November 2010 | Nicholas Basbanes

Nick's Picks: Five Winners

Looking for some stocking stuffers? Here are five beauties I particularly recommend, with more to follow in the weeks to come.

Venice: Pure City, by Peter Ackroyd; Nan Talese/Doubleday, 403 pages, $37.50. Writing about the life of a city as if it were a living, breathing organism is a specialty of the estimable English writer Peter Ackroyd, his "London: The Biography" of a few years back being an exemplar of the form; with "Venice: Pure City," he offers a worthy companion. As a place seemingly set apart from the rest of Italy--Venice is a cluster of islands in a lagoon, really--the city's insularity has given it a degree of independence. "The Italians do not really think of Venice at all," Ackroyd writes, "it belongs to some other realm of fancy or of artifice." His blend of detail and atmosphere is always in perfect balance, his narrative skill apparent in every chapter.

Apollo's Angels: A History of Ballet, by Jennifer Homans; Random House, 643 pages, $35. Ballet is a unique form of performance, Jennifer Homans notes in this cultural history of the art form, in that it has no written texts or standardized system of notation. With traditions that go back more than four centuries, it is in essence a storyteller's art passed on from teacher to student, with styles that are distinctive to various national traditions. A distinguished scholar-in-residence at New York University and dance critic of the New Republic—and a professionally trained dancer in her own right—Homans is ideally suited to write this pioneering, comprehensive work. She quotes Theophile Gautier on the magic of the form: "The very essence of ballet is poetic, deriving from dreams rather than from reality. About the only reason for its existence is to enable us to remain in the world of fantasy and escape from the people we rub shoulders with in the street."

Atlantic: Great Sea Battles, Heroic Discoveries, Titanic Storms, and a Vast Ocean of a Million Stories, by Simon Winchester; Harper, 495 pages, $27.99. I don't know how it is that Simon Winchester manages to write relevant book after relevant book, each one a particular take on a fascinating subject, each marvelously researched and engaging written, but here's the latest, a fresh examination of a massive body of water to be sure, but as the subtitle suggests without a trace of exaggeration, a “vast ocean of a million stories.” He tells a good number of them in “Atlantic,” with grace, originality, and consummate style. As always, a terrific read.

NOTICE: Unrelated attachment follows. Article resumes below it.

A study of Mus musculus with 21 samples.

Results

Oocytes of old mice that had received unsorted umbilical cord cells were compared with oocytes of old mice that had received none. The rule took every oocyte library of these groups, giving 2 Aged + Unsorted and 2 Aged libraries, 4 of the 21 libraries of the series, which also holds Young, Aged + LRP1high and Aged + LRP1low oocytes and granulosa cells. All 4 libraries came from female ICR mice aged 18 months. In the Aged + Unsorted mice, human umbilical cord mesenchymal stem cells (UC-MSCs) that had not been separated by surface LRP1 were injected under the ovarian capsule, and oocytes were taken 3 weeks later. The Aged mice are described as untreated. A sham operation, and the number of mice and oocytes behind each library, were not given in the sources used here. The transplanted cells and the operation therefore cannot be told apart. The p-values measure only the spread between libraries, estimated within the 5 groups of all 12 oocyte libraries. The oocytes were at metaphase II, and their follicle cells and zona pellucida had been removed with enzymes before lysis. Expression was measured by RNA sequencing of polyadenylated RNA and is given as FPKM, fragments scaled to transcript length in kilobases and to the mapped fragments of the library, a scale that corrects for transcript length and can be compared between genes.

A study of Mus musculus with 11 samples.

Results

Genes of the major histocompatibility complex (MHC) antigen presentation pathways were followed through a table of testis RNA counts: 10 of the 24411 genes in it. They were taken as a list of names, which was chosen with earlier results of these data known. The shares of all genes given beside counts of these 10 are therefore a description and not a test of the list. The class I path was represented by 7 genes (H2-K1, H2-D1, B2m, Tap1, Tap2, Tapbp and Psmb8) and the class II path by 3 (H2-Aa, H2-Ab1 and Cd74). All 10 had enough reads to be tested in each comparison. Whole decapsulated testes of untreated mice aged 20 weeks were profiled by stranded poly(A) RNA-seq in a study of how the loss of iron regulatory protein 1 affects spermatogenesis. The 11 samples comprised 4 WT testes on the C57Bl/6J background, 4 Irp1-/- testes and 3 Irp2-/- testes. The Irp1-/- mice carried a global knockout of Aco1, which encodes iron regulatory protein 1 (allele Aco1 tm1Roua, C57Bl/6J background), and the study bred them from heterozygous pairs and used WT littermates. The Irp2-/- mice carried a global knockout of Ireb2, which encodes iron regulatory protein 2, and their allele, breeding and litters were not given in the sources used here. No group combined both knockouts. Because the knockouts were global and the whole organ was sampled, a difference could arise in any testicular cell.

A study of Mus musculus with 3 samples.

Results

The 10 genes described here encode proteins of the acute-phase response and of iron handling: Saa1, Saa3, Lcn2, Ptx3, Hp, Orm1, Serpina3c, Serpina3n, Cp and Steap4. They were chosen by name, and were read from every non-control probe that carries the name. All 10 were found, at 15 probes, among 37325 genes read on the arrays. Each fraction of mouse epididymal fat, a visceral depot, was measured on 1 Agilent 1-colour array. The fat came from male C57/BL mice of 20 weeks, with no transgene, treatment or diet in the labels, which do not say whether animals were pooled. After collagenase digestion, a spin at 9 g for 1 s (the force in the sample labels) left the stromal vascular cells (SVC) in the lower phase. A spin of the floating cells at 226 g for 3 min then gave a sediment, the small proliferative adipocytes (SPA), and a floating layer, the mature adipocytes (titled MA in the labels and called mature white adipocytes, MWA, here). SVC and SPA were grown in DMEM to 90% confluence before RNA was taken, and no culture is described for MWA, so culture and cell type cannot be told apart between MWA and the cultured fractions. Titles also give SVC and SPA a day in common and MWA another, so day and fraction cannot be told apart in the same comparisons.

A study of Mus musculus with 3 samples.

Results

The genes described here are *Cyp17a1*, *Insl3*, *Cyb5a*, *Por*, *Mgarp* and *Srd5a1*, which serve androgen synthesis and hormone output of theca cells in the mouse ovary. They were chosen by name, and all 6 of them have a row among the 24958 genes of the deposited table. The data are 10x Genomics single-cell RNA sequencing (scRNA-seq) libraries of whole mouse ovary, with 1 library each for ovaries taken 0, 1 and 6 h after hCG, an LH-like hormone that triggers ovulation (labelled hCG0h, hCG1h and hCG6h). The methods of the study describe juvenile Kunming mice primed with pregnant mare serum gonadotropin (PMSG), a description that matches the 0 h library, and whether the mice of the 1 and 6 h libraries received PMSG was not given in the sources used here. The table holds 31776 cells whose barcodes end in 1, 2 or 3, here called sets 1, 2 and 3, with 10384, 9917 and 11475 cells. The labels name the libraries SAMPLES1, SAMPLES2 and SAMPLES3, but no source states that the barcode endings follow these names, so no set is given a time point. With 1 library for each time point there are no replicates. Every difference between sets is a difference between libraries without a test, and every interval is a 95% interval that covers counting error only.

The Noel Coward Reader, edited with commentary by Barry Day; Alfred A. Knopf, 596 pages, $39.95. If any writer of consequence deserves a comprehensive “reader” of his or her works, it is the extraordinarily versatile English man-of-letters Noel Coward (1899-1973), playwright, lyricist, versifier, essayist, short story writer, scriptwriter and author of wonderfully witty and ever quotable letters. Barry Day, a British author who has built a career out of editing the Coward corpus, has pulled together a marvelous selection, organized it by decade, and included delightful examples in every section. All in all a copious portion of tasty goodies, and beautifully produced to boot.

Villages of Britain: The Five Hundred Villages That Made the Countryside, by Clive Aslet; Bloomsbury, 657 pages, $65. This inviting series of vignettes illuminates the history and culture of five hundred villages, each contributing in many palpable ways to the continuing saga that is England. “The story of the village is that of the countryside itself,” Clive Aslet writes. “Each puts a single aspect of rural Britain under the spotlight: a country poet, a way of building, an agricultural innovation, a horrible death, a rare survival, a monument to an exceptional person or event.” It's a fascinating way to look at the development of a national identity, and for the reader, easy to pick up and dip into at any point, with an agreeable pace that sustains itself throughout.